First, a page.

The University of Miami campus in Coral Gables, seen on the first day of classes of the fall semester on Monday, August 22, 2022.
Sydney Walsh
The Miami Herald
The University of Miami campus in Coral Gables, seen on the first day of classes of the fall semester on Monday, August 22, 2022.

Attending the University of Miami for the 2024-2025 school year will cost students over $93,000. For students living on campus, this is a $5,226, or 6%, increase from the previous academic year.

The estimated cost of attendance includes several categories including tuition, transportation, housing and books.

Tuition, now at $60,718, has risen $2,614, making it the largest category increase.

This is $4,000 more than Harvard University which ranked third in the nation based on the annual U.S. News report. The University of Miami is currently ranked at 64.

The tuition price falls within the range of several other private universities and is lower than UM sister schools University of Southern California with a yearly tuition of $69,904 and Tulane University with a tuition of $68,678.

“In order to structure financial aid packages and offer them in time for students to make informed decisions about where to pursue their education, the University publishes an estimated cost of attendance each year. The demand for a University of Miami education remains at record highs, with more than 48,000 applications received this year,” the University of Miami said in a statement to The Miami Hurricane.

The next highest increase was in the food and housing category, approximately a $2,000 raise for both on and off-campus options. The University has has not made it clear whether this is a result of the new housing development Centennial Village, scheduled to open its first residential college this summer, or if it reflects inflated food costs throughout the country.

This rise follows recent COA increments that have surpassed the expected 3% - 4% annual increase universities typically warn students of ahead of time.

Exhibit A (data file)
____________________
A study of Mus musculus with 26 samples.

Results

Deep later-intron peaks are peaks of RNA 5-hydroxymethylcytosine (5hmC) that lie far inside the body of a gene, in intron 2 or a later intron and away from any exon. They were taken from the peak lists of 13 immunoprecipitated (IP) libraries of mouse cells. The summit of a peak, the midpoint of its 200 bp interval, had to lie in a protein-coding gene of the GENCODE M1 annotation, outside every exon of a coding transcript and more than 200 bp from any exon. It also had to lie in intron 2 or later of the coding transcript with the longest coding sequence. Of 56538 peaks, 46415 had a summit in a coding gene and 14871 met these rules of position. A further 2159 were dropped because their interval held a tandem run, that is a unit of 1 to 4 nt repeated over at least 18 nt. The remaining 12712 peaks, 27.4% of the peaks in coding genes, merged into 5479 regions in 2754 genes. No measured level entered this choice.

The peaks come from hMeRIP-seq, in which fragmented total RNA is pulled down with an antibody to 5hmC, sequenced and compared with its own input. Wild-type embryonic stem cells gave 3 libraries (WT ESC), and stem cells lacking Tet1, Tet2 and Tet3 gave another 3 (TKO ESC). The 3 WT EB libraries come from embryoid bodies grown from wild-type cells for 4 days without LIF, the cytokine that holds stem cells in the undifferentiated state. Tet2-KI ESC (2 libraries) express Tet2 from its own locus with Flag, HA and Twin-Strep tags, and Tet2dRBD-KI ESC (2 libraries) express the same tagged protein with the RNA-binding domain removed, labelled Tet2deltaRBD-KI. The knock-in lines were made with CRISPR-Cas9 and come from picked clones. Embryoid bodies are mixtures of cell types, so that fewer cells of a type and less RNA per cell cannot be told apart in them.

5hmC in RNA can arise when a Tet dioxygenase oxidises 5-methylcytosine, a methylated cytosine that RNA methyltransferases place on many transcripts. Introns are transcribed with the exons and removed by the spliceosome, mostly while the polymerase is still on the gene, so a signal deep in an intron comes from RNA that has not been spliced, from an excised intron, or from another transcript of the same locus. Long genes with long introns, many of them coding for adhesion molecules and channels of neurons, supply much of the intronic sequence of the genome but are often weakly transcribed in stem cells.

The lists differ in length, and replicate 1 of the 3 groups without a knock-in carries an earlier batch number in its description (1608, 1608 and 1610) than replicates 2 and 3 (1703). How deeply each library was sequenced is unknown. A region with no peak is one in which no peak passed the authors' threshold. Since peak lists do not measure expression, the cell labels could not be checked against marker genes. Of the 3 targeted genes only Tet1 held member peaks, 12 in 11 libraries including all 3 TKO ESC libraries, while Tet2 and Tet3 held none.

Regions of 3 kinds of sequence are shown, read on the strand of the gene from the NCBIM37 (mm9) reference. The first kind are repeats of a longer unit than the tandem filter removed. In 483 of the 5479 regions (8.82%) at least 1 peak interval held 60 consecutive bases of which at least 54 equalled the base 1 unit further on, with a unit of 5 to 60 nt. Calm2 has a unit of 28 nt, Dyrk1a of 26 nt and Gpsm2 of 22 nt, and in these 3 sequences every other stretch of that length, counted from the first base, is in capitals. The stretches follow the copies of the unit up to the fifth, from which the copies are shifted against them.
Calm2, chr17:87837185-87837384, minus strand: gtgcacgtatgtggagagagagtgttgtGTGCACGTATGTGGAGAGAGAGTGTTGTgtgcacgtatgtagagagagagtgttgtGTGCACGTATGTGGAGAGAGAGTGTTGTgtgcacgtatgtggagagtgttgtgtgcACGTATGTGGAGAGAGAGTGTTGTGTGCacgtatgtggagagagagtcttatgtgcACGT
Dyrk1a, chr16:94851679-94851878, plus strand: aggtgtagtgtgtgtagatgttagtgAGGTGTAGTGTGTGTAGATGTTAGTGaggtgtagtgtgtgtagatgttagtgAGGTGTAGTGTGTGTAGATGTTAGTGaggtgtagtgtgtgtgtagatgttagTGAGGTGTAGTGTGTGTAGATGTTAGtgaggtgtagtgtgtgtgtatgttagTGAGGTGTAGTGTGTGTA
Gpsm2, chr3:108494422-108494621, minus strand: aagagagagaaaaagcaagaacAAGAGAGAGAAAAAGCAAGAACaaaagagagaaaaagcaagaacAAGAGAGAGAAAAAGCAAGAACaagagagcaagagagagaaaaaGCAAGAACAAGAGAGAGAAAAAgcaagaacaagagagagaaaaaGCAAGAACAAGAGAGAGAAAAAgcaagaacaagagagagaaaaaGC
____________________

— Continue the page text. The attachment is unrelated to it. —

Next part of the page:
For perspective, rising seniors were given a $75,240 COA estimate when they committed to UM in 2021. This has increased by 24.4% just in their four years as students.

“I’ve been paying for full tuition and every time they raise it they never tell us. Then, they’re [UM] not flexible with payment dates,” junior Diego Zubillaga said.

“I genuinely don’t think I can afford to come back next year.”

The 6% raise also far exceeds the U.S. 3.2% rate of inflation rate recorded for the past twelve months.

Justin Ammaturo is a third year student in the School of Architecture, a five year program that allows students to graduate with a Master Degree, meaning he is responsible for an additional year of tuition. Ammaturo does not understand the true reasons behind the rise in tuition or why the University has not communicated this information with students.

“I think the University should tell us and that we should not have to find out on our own,” he said.

“It’s also not fair that they don’t tell the guarantor or parents that they’re upping tuition. Then we have to tell them ourselves.”

This, he explained, creates an awkward situation for students who in many cases have to ask their parents for additional funds to afford tuition.

The COA increase comes at the same time as students are grappling with an adjustment to the University’s financial aid policies that will limit federal and state aid for students taking courses outside their main degree of study.

This change is expected to cost students trying to complete their double majors or minors thousands of dollars in lost aid or push them to graduate early.

The story was originally published by The Miami Hurricane, the student newspaper of the University of Miami in Coral Gables, as part of an editorial content partnership with the WLRN newsroom.